Yacoob laments ‘subjective’ judicial appointments
Retired Constitutional Court justice Zak Yacoob has lamented what he called the “flawed” approach used by the Judicial Service Commission when appointing judges.
In a lecture given at the University of the Witwatersrand last night, Yacoob said he “doubted whether the Constitution ever intended that members of the Judicial Service Commission could vote subjectively for the candidate they prefer, regardless of any objective evaluation.”
Yacoob was referring to the fact that members of the JSC interview candidates for judicial appointment and then select their preferred candidate by means of secret ballot.
“I don’t think the appointment of judges can be dependent on the views and feeling and thoughts … of what the people of the Judicial Service Commission are thinking then or on what they had for breakfast,” he said.
Yacoob said he was “quite sure” that the JSC should have guidelines which they should apply with “discipline and care”.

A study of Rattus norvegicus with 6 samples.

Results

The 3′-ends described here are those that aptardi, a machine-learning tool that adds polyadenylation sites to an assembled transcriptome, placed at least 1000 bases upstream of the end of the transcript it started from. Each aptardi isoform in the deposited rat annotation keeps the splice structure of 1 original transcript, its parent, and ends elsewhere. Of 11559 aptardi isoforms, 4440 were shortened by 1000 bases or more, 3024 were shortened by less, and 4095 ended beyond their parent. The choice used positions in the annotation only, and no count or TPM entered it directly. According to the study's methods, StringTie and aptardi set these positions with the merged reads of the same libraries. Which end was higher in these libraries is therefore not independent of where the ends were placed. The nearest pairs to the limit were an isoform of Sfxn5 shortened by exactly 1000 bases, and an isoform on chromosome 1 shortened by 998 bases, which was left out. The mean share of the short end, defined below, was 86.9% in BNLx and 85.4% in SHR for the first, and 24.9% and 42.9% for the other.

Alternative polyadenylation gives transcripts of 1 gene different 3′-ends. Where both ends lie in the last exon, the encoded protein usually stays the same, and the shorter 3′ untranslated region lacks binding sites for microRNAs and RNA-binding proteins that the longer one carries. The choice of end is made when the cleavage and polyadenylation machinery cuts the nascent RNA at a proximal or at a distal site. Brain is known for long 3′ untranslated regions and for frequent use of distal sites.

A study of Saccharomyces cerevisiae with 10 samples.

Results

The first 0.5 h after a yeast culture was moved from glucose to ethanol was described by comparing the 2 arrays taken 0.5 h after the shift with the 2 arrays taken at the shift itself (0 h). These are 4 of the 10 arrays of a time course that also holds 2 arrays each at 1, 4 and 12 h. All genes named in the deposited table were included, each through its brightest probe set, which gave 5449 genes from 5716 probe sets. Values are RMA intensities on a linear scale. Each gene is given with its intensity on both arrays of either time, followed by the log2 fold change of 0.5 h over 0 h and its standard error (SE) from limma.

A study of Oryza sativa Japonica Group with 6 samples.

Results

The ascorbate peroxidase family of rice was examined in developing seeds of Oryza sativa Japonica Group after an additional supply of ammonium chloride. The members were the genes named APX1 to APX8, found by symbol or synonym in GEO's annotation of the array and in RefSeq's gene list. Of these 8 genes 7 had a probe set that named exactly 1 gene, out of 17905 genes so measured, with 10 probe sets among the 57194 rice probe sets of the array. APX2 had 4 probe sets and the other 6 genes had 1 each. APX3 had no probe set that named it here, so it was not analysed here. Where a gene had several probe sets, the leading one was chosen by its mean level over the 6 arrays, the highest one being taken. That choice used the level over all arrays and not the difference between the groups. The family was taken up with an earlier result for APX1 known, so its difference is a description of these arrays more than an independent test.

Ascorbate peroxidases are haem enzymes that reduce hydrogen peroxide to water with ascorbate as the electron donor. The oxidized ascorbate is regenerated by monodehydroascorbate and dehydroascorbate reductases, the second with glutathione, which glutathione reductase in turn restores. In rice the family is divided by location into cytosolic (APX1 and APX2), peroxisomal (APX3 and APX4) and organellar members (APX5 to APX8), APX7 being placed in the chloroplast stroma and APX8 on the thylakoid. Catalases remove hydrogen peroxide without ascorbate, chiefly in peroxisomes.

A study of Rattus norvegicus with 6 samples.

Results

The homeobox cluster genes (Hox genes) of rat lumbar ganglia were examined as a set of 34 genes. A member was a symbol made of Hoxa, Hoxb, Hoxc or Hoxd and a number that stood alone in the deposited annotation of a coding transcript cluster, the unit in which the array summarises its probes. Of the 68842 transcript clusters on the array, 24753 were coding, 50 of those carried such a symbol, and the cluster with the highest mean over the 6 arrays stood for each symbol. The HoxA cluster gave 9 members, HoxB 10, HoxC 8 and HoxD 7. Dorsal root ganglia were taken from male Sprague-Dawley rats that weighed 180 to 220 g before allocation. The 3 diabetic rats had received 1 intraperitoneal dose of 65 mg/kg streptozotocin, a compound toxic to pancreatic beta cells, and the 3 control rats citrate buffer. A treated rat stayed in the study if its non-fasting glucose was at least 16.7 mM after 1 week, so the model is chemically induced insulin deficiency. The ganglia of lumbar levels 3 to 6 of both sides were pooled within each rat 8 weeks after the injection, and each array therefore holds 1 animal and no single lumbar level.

In terms of the Constitution, the JSC has the power to determine its own procedures, but these must be supported by a majority of its members.
Professor Cathi Albertyn, a professor of Constitutional Law at Wits, agreed with Yacoob that there should be a set of guidelines for the JSC to follow when appointing judges.
“We need to have clear, defined criteria and we need to be confident that politicians (who serve on the JSC) are acting in terms of that criteria,” she said.
Albertyn said a criterion of having acted as a judge appeared to be developing, but said only nine percent of acting appointments went to women judges.
Women judges are drastically underrepresented in South Africa’s courts, with only two female judges serving on the bench of the Constitutional Court.
Albertyn said only political activism would ensure there was gender representivity in South Africa’s courts.
Yacoob also spoke out on a variety of other subjects related to the judiciary in South Africa.
Asked if the Constitution was “imposed” on the “majority” of South Africans who did not necessarily share its values, he said people who held that view were free to mobilise a 75% majority in Parliament and change the Constitution.
“You can’t determine things by people’s opinion of what the majority thinks” Yacoob said.
The talk, organised by the Wits School of Law, was one of the first of a series called “In conversation with members of the judiciary”.